UnNews:Hinckley signs as new Subway pitch-man



John Hinckley

The paunchy, greying Hinckley stands to benefit from Subway's healthy fare.

WILLIAMSBURG, Virginia -- John Hinckley stands to be the newest pitch-man for Subway sandwiches.

The man who tried to shoot Ronald Reagan was spotted by the Daily Mail outside a Subway store near here, carrying a sandwich and a drink. The 61-year-old former Presidential assailant was seen holding a Subway coupon, and presumably availed himself of the chain's new $6 package deal. His mother, Jo Ann Hinckley, waited in the car to return him and his dinner to the basement where he resides after being freed from Mount St. Elsewhere Psychiatric Hospital on August 5.

Authorities put no conditions on his release except that he have no contact with the Reagan family — which is unusually difficult, these days, in any case — nor with personal heart-throb Jodie Foster, whom he naturally thought he could impress by gunning down Reagan in 1981. Notably, authorities did not bar him from contact with fast food, despite the nation's new Let's Move campaign.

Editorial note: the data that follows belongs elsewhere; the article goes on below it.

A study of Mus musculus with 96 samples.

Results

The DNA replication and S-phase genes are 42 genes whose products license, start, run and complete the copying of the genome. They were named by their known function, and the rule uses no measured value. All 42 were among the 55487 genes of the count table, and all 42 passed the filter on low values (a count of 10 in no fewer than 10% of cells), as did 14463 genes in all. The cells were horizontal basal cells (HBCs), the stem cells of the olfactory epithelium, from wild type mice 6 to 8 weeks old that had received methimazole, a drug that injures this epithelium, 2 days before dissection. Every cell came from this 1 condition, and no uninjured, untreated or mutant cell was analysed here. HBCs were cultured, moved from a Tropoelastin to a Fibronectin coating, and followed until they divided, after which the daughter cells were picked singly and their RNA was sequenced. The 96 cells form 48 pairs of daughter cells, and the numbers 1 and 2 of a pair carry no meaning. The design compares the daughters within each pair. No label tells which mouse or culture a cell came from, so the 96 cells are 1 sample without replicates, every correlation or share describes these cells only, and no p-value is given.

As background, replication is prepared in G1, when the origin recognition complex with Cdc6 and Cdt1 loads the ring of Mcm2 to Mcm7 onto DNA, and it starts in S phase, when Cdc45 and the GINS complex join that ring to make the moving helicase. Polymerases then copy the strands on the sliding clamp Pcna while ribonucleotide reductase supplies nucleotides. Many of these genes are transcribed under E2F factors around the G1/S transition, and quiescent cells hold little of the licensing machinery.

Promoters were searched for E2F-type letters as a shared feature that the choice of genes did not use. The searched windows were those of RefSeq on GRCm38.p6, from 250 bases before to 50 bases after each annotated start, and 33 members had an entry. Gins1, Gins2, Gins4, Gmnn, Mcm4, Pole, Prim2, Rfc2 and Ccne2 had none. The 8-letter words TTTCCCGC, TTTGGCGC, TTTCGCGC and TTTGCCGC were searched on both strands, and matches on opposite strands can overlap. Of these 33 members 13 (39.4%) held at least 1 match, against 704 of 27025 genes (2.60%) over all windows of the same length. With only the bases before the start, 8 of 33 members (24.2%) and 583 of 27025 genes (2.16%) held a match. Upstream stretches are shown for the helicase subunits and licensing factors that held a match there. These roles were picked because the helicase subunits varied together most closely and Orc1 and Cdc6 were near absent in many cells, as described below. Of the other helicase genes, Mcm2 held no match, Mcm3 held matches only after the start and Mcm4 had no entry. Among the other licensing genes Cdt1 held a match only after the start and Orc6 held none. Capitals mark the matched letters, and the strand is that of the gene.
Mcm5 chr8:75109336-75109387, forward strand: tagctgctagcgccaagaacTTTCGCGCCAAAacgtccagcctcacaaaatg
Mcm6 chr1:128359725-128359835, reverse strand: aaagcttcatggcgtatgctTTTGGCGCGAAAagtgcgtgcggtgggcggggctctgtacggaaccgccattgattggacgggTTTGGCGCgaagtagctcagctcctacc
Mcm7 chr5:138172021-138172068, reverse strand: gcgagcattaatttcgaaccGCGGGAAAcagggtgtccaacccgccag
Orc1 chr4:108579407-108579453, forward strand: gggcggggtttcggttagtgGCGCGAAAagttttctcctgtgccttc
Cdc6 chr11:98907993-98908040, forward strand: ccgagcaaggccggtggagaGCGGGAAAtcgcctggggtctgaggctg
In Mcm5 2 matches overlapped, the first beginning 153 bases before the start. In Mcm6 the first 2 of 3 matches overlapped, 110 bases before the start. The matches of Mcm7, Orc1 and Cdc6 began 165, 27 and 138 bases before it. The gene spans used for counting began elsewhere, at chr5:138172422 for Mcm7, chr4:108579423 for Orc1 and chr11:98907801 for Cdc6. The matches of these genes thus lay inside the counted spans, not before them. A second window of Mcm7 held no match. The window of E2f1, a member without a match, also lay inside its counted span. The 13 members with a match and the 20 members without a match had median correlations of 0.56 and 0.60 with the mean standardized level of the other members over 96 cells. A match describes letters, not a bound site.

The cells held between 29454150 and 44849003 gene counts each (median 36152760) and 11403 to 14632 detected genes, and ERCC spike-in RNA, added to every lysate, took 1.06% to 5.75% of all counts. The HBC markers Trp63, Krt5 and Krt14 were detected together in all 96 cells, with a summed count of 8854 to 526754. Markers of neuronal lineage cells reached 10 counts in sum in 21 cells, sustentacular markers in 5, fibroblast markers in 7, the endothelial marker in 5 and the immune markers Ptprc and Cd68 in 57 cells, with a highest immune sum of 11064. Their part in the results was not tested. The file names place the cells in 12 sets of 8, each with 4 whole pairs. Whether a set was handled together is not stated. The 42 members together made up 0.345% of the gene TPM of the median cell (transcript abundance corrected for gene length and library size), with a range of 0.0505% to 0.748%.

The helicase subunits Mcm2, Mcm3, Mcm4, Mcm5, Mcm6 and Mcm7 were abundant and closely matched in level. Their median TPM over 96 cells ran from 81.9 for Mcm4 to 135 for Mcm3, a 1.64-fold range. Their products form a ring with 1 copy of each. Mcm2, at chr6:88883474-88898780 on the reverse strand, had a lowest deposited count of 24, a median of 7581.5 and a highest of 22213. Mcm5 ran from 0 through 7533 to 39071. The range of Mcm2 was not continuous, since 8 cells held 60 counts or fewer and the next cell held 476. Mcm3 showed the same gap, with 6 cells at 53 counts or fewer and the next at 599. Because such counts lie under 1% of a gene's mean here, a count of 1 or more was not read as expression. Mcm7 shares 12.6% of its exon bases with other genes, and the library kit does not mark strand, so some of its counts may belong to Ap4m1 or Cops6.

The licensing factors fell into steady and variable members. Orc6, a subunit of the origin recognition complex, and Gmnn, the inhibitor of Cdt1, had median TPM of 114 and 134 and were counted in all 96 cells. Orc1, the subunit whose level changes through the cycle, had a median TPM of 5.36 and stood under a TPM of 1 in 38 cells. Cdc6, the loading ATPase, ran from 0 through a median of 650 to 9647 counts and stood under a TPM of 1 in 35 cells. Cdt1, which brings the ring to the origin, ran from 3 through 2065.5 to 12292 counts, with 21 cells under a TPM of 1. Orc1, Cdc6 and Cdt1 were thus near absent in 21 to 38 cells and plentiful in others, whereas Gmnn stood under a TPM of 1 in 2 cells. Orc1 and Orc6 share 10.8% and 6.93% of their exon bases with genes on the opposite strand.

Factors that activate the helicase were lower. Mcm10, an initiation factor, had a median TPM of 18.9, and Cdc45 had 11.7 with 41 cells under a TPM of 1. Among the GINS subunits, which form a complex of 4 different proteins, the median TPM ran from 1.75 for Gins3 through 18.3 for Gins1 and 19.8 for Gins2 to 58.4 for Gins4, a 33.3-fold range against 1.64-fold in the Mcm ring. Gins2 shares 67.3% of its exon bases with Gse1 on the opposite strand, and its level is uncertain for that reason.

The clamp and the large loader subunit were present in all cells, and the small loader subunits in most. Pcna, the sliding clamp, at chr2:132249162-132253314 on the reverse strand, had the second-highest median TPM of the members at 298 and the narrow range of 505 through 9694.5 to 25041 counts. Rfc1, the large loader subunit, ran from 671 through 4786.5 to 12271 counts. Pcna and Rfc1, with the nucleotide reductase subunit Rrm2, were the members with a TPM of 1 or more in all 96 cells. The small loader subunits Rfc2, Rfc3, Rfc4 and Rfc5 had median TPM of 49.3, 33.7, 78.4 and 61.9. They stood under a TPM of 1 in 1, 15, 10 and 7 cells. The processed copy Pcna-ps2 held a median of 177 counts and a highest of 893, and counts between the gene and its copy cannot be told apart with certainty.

John Hinckley

Hinckley (left) in happier times.

Subway has been seeking a new pitch-man for its television advertising, after long-time impresario Jared Fogle turned his attention to paying for sex from minors and accumulating kiddie porn. Jared is now serving 15 years in federal prison, where reality-show cameras are usually not permitted, and is on the Sex Offender Registry. Happily, the United States has no lifetime registry of Presidential assassins, and Hinckley was found not guilty "by reason of insanity," also by reason of criminally bad aim, as his shots missed Reagan's heart entirely, and his only direct hits were a relatively anonymous policeman and a Secret Service agent, though one bullet struck Presidential aide James Brady, who would go on to lend his name to a national campaign to prevent a recurrence of the incident by permanently banning fast-food restaurants.

The elder Hinckley said that John was trying to return to normality and escape his former notoriety. She also hinted that he had a budding future in rap music.

The Daily Mail, based in London, spotted Hinckley's exit from the Subway shop using especially high-powered binoculars.